Anonymous
Posted by Anonymous
  • 17 Replies

I'm writing a Fiction book and need some help. I don't want to give too many details of the book itself but here is what I need help with.

I thought I remembered reading something somewhere about something that was torn in 2 and brought to two different areas of the world. I can't remember if it was mythology of some sort or maybe my overactive imagination is trying to convince me that I read that somewhere but in actuality it's my own thought. I can't really give much more detail. I can't remember if it was an object torn in 2, a heart, a person...

I need to know what it was in order to continue my book. I'm hoping it was something I read in Greek/Roman/Egyptian Mythology. Any ideas?

Posted by Anonymous on Jun. 29, 2014 at 8:19 PM
Anonymous
by Anonymous 1 - Original Poster on Jun. 29, 2014 at 8:24 PM

bump

JenGo
by Gold Member on Jun. 29, 2014 at 8:25 PM

soul mates. The story is that souls used to be one, but was then torn into two separate people and now we are forever looking for the second half of our souls.

squeekers
by squeekers on Jun. 29, 2014 at 8:27 PM

 I like this post about how there are 3 types of soulmates:

http://www.nightworld.net/strangefate/soulmate.php

sm1bm3
by on Jun. 29, 2014 at 8:29 PM
Osiris was torn into pieces and scattered across Egypt. Isis found all the pieces and put him back together.
Danesmommy1
by Grammar Enthusiast on Jun. 29, 2014 at 8:30 PM
Soulmates come immediately to mind. One soul, ripped in half and we search for our other have throughout our lives.
autodidact
by Snarknado on Jun. 29, 2014 at 8:31 PM

I would imagine that that is a theme in multiple legends and myths

JenGo
by Gold Member on Jun. 29, 2014 at 8:31 PM

http://en.wikipedia.org/wiki/Soulmate

Here, this is a quick explanation of Plato's soul mates.

Anonymous
by Anonymous 2 on Jun. 29, 2014 at 8:34 PM
That's used a lot in fiction. One very popular example is the separation of Luke and Leia in Star Wars.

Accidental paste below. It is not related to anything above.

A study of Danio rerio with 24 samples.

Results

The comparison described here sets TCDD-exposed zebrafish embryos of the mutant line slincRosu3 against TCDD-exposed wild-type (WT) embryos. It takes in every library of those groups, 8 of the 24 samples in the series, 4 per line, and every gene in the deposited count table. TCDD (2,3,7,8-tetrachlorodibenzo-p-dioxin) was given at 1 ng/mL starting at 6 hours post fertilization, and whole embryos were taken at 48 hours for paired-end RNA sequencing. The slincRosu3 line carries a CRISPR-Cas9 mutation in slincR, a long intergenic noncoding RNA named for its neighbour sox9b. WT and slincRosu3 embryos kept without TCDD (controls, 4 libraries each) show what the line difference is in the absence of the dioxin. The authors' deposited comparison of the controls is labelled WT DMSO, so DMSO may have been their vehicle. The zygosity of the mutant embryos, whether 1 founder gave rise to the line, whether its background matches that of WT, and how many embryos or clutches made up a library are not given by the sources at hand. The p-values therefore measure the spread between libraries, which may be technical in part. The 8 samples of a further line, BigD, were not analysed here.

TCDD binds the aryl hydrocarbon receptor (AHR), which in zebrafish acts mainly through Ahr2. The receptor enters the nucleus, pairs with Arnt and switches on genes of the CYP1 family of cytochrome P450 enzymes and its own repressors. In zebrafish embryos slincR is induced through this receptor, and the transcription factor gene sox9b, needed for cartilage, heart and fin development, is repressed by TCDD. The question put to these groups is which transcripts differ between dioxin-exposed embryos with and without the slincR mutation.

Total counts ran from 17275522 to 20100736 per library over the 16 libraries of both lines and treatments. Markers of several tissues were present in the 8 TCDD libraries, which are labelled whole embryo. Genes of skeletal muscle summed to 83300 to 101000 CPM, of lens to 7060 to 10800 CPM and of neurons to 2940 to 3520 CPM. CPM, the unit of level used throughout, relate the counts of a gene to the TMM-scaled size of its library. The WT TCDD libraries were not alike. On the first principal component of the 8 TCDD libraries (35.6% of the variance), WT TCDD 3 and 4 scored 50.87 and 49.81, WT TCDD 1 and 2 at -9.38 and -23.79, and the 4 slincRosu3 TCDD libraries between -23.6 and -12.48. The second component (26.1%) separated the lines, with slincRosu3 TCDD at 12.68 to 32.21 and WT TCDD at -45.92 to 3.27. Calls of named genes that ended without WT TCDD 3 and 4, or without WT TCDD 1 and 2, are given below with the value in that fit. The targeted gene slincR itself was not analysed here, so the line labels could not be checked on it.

I think it kind of matters what your intentions are for the "torn" object(s). Does it reduce their power/potency? Are they being separated for their protection? For the protection of others? Is the separation accidental or intentional?

You really don't seem to remember enough to pin it down, which may make it hard to help you.
Anonymous
by Anonymous 1 - Original Poster on Jun. 29, 2014 at 8:42 PM

Thanks for the questions. I'm going to try to put my thoughts in order better and hopefully that will help.

What I am thinking of was seperated into 2 pieces because as a whole it ('it' could be an object or person) was too powerful. The two pieces were then brought to opposites "corners" of the world. If the pieces were brought back together it would be the strongest weapon (maybe?) in the world.

I'm hoping that there is an actual myth about this as I am wanting to tie this into my story line. If not I will have to create a myth specifically for my book. I'm ok doing that but I like to incorporate actual myths into what I write. It brings a sense of familiarity for the reader...

Quoting Anonymous: That's used a lot in fiction. One very popular example is the separation of Luke and Leia in Star Wars. I think it kind of matters what your intentions are for the "torn" object(s). Does it reduce their power/potency? Are they being separated for their protection? For the protection of others? Is the separation accidental or intentional? You really don't seem to remember enough to pin it down, which may make it hard to help you.


Anonymous
by Anonymous 3 on Jun. 29, 2014 at 8:56 PM
The soulmates of Greek myth is the big one that comes to mind. But as other responders have said it probably plays a major role in many myths. Just the fact that god(s) and humans don't interact would be the same thing-two things kept seperate to prevent excess in power. The hidden object could be another example, like the holy grail?